Tenant fees ban: have your say with the government’s new consultation paper
A consultation paper on the ban of letting agent fees charged to tenants has been released by the Department for Communities and Local Governments.
The document has been welcomed by those calling for an end to the fees charged by letting agencies.
Green Party London Assembly Member Sian Berry has long been calling for a ban on fees she believes are a profiteering mechanisms.
“We shouldn’t underestimate how hard letting agents will fight to maintain their ability to exploit private renters, but their scare stories won’t wash when Scotland already has these rules with no problems,” she said.
In 2011, Scotland clarified legislation, which banned the fees as long ago as 1984.
Increases in fees have come in the wake of the almost doubling in size of the private rented sector in the ten years up to 2015, with 19 per cent of all households now falling under that bracket. The government’s measures seek to end abuses of that sector, with Generation Rent revealing that 12 per cent of the 912 agents surveyed did not publically display their fees in line with legislation.
Tenants, landlords, letting agents and other interested parties are invited to fill out and respond to the new consultation document by June 2. The paper welcomes views and comments on how the ban should be implemented and enforced.
“They’ve cried wolf one too many times,” said buying agent Henry Pryor, who said the fees are “a racket that would have shamed Capone.”
He added: “We know that rents in London are not going up they’re falling, and if the fees that were being charged to me as a tenant are stopped and added to the rent then at least it’ll be more transparent, which is a good thing in what is still a very murky industry.”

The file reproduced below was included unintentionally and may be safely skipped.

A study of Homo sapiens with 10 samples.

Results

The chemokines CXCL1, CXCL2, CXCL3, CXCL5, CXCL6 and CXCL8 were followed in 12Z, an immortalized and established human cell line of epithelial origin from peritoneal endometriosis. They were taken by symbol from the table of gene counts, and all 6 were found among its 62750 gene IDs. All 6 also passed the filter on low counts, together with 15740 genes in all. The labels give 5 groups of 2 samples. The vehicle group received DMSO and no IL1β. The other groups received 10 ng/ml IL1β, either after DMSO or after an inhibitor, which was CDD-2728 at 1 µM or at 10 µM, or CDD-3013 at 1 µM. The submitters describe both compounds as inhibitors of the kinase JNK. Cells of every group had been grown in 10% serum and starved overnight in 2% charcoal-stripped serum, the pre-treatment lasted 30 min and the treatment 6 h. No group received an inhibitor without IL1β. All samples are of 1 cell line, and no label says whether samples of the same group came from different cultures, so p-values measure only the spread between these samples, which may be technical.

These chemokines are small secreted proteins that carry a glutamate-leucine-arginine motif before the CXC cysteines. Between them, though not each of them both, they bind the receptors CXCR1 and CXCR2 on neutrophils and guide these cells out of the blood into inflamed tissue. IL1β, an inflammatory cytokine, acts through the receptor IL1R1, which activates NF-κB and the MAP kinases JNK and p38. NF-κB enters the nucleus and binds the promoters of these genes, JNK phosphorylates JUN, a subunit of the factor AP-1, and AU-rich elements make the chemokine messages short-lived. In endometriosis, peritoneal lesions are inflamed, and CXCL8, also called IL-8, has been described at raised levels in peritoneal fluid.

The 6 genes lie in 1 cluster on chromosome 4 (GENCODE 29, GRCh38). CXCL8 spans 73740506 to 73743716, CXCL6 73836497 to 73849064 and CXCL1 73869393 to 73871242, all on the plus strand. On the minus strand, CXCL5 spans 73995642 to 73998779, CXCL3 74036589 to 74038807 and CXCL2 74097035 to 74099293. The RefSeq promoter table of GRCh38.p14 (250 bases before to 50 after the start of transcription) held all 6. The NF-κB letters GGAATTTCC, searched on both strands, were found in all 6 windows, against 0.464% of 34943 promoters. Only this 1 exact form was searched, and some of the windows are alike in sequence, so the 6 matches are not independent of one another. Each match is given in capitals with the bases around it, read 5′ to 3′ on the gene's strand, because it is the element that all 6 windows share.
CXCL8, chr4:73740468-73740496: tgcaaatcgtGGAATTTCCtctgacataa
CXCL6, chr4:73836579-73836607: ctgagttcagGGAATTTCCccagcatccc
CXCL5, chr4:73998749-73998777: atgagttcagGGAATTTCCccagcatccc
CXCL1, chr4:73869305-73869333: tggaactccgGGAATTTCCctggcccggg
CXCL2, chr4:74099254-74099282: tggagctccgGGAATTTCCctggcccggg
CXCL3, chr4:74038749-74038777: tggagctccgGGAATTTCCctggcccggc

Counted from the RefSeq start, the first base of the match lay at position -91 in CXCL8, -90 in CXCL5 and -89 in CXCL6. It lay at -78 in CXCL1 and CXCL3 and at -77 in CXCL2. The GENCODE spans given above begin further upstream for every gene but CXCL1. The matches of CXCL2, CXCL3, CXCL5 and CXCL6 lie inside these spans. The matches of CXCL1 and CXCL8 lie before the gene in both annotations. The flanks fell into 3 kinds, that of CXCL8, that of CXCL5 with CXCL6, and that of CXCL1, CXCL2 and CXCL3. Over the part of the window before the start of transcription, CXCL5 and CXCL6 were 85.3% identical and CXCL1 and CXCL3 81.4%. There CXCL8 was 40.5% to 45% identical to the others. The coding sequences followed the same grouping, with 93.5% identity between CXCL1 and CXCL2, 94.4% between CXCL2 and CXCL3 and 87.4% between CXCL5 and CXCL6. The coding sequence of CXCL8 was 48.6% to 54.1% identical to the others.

David Cox, chief executive of ARLA Propertymark, the regulatory body for lettings agents, accused the consulation of being a populist policy thatwill cost consumers and the wider economy.
“The Government’s housing policy is shambolic and today’s consultation contradicts its already stated aim to encourage longer term tenancies,” he said. The organisation claims that rents will increase by £103 per year should a ban come into force.
Letting agents are equally less enthused.
“I don’t agree with a letting fees ban,” said Helen Kovari, director of Belsize Park agency Admiral Property. “I have to know my onions,” she added, arguing that being a member of ARLA propertymark requires a number of courses and conferences that cost time and money to be taken.
Should a tenant pull out of an agreement at the last minute, resources are wasted if fees cannot be charged for necessary pre-tenancy services. Yet Kovari accepts that while Admiral’s fees are low, other agents do take advantage of vulnerable renters.
“I do think that a tenant’s fee is justified for the work that we do before a tenancy starts, but I do agree that other agents charge too much,” she said.
Last week, councils were handed new powers to tackle rogue landlords, with money taken in fines to be used for private sector housing enforcement.
A recent report by Sian Berry found that Islington and Camden were amongst the top three boroughs taking such measures already. However, the Cllr Berry believes the current measures are not enough, and a flat ban would be more helpful for London’s renters.
“A simpler scheme where letting fees to renters are simply banned would help reduce the burden on councils and help London’s tenants too,” she said.
Housing and Planning Minister Gavin Barwell said in a statement: “These measures will give councils the additional powers they need to tackle poor-quality rental homes in their area. By driving out of business those rogue landlords that continue to flout the rules, we can raise standards, improve affordability and give tenants the protections they need.”
Hackney Councillor Sem Moema has criticised the implementation of the new measures, which also extend the scope of rent repayment orders in the case of harassment, illegal evictions and use of violence to gain entry.
“The chaotic implementation of the measure and belated guidance given to councils has allowed and will continue to allow rogue landlords to exploit tenants while we now rush to put Rent Repayment Orders into practice, and shows the Government’s lack of genuine commitment to helping Britain’s nine million private renters,” the Labour councillor told the Hackney Gazette.
Sian Berry is encouraging all those who have had negative experiences with fees to complete the consultation.
“I am urging everyone in London who has experienced hardship from these unfair charges to respond to the Government and make sure the new rules come in as soon as possible,” she says.
The consultation paper can be found here.